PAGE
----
I wish Elisabeth Hasselbeck had stuck it out on “The View.” Or gone somewhere a little…riskier. Why high-tail it to FOX in the mornings?
Hasselbeck leaves an empty seat of opinion that can’t be filled by her replacement, Jenny McCarthy. Here’s why. Remember the parties from high school? The kids who succeeded socially never hung out solely with their crew, homies or BFFs. They were pimple-faced networking experts en route to the top.
They mingled their way to class president, homecoming queen and varsity football captain. Whatever their motives, they stepped outside of their cozy, familiar friendships. They mastered the social game and influenced peers by spending time with Other People.
Grown folks can learn from socially keen adolescents. When the national dialogue halts at the fences of more comfortable conversations — “I’ll join my like-minded political friends on Fox” — democracy shrinks back because it’s like saying, “I’ll take my marbles and go back home.” Nothing gets done and nothing is learned because ideas refine ideas.
The nation’s founders understood the tumult democracy requires. On July Fourth, I re-watched snippets of HBO’s “John Adams” and thought about the animosity between them. The betrayals. The egos. The small-mindedness. The founders dreamed, prayed, insulted, cajoled and threatened America into the birth canal of an imperfect union.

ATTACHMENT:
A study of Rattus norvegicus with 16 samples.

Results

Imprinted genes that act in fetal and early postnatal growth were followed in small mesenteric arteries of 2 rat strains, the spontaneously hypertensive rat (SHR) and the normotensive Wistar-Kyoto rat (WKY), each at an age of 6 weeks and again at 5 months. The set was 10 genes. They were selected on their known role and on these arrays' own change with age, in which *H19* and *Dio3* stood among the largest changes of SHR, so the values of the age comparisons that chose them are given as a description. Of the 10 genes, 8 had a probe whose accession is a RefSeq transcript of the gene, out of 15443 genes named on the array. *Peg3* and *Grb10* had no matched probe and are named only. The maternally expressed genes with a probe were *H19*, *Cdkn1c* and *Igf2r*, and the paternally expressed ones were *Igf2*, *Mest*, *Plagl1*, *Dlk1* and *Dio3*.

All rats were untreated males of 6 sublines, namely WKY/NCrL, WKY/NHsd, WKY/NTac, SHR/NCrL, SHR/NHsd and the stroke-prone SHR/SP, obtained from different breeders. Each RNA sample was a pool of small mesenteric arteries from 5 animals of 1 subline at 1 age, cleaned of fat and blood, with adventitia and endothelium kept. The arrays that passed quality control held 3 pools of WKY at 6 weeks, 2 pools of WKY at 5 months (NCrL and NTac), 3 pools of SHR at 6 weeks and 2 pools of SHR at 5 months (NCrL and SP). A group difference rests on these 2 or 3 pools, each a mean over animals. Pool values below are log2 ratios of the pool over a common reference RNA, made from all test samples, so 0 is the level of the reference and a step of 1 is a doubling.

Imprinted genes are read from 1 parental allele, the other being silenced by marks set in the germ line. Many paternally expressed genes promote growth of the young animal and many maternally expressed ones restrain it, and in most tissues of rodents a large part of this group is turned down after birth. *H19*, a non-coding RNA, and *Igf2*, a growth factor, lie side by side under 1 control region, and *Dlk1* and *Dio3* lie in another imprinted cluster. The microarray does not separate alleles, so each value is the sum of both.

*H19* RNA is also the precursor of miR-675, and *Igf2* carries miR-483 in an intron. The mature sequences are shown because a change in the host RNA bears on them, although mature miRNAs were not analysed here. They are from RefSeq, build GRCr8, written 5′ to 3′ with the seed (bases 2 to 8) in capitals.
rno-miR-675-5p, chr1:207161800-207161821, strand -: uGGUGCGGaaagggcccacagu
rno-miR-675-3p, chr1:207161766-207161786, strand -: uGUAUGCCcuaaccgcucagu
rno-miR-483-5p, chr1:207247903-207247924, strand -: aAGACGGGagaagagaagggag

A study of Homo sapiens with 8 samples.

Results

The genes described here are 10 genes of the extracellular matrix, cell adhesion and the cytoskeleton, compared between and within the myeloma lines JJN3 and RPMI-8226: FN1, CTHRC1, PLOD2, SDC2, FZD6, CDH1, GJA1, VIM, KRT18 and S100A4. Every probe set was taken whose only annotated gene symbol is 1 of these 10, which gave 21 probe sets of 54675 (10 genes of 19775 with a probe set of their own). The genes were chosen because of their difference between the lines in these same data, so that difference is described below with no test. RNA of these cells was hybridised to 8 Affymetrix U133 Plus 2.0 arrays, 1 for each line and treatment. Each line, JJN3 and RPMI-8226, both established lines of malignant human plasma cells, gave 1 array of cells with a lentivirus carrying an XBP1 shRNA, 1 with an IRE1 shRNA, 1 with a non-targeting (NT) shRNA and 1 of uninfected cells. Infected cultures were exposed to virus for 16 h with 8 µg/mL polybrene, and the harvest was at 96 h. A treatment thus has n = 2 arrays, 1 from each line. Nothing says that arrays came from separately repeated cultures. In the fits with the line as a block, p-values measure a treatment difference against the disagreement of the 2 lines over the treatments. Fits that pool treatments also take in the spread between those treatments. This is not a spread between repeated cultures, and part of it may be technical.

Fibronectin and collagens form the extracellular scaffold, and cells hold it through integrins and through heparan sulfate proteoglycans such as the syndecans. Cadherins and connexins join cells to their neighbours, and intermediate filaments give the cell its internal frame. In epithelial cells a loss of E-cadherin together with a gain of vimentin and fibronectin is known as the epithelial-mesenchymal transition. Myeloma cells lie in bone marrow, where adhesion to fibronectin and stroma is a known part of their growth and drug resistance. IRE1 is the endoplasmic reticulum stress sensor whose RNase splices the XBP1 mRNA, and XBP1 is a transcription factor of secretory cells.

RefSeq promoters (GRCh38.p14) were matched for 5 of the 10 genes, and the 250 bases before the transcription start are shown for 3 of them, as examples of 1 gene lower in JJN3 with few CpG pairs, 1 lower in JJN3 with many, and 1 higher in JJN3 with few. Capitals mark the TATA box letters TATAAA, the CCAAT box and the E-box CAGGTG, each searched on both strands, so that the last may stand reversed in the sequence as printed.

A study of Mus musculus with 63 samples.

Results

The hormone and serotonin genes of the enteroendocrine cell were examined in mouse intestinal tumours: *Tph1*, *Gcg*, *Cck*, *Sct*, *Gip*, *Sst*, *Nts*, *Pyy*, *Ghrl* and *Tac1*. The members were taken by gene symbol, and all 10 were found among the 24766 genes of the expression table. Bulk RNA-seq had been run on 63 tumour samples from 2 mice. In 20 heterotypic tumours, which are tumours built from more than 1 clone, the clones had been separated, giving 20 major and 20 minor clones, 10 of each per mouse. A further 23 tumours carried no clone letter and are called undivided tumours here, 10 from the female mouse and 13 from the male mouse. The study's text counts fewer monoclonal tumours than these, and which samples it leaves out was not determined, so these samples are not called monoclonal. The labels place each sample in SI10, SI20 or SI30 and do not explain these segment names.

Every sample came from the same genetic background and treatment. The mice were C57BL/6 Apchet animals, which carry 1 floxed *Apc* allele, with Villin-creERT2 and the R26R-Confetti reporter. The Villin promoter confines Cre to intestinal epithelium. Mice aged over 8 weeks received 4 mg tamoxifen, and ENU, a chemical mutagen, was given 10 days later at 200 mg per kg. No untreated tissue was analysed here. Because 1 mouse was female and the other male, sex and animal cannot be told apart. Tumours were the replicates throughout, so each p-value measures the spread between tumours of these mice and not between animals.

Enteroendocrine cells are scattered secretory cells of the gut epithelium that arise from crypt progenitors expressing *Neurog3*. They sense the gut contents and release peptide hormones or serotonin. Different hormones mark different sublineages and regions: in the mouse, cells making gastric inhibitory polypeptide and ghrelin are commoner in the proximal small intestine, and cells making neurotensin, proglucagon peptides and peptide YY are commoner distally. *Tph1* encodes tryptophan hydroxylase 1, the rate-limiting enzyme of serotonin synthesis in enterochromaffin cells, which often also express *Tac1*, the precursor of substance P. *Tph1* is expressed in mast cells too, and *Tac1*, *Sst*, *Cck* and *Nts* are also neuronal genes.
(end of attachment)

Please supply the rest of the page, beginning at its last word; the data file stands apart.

And there you have it: the roots of my regret. Hasselbeck’s departure from ABC further exposes the ongoing cultural shut-down between conservatives and liberals. Sure, I didn’t share every Hasselbeck opinion, but there were some I did. Her delivery sometimes seemed hewn from rocks beside seasoned spin-meisters. Yes, she frequently shared ideas as if she crammed GOP literature the night before. But she was no more a walking complexity of choices and ideas than Whoopi Goldberg, Joy Behar, Sherri Shepherd or Barbara Walters.
I respected Hasselbeck for being there. Right in the middle of things. I admired her willingness to share her perspective, and grow into the job before the world. Hasselbeck spoke for a segment of American women unimpressed by what inflames Hollywood, New York and D.C. I’ve listened to this woman in church and social groups and overheard her in shopping malls. I’ve seen her books and posts on Facebook. I saw her challenge voting procedures during the 2012 presidential campaign in my Dallas precinct. She’s real, and Hasselbeck breathed her into political life.
In the end, Hasselbeck likely will become another FOX songbird, humming the bromidic familiar. The contrasts that defined her voice on “The View,” and which introduced many to another slice of female Americana, may, unfortunately, fade away.
How I wish the fire-breathing liberals at MSNBC had hired her instead.
Judith Howard Ellis is an editor at her company, Daybreak Lit. A former features editor for the Denver Post, Judy is writing a sequel to her fantasy novel, “Fall of the Savior King,” a story inspired by the Book of Genesis. Follow her on Twitter @JudyHowardEllis.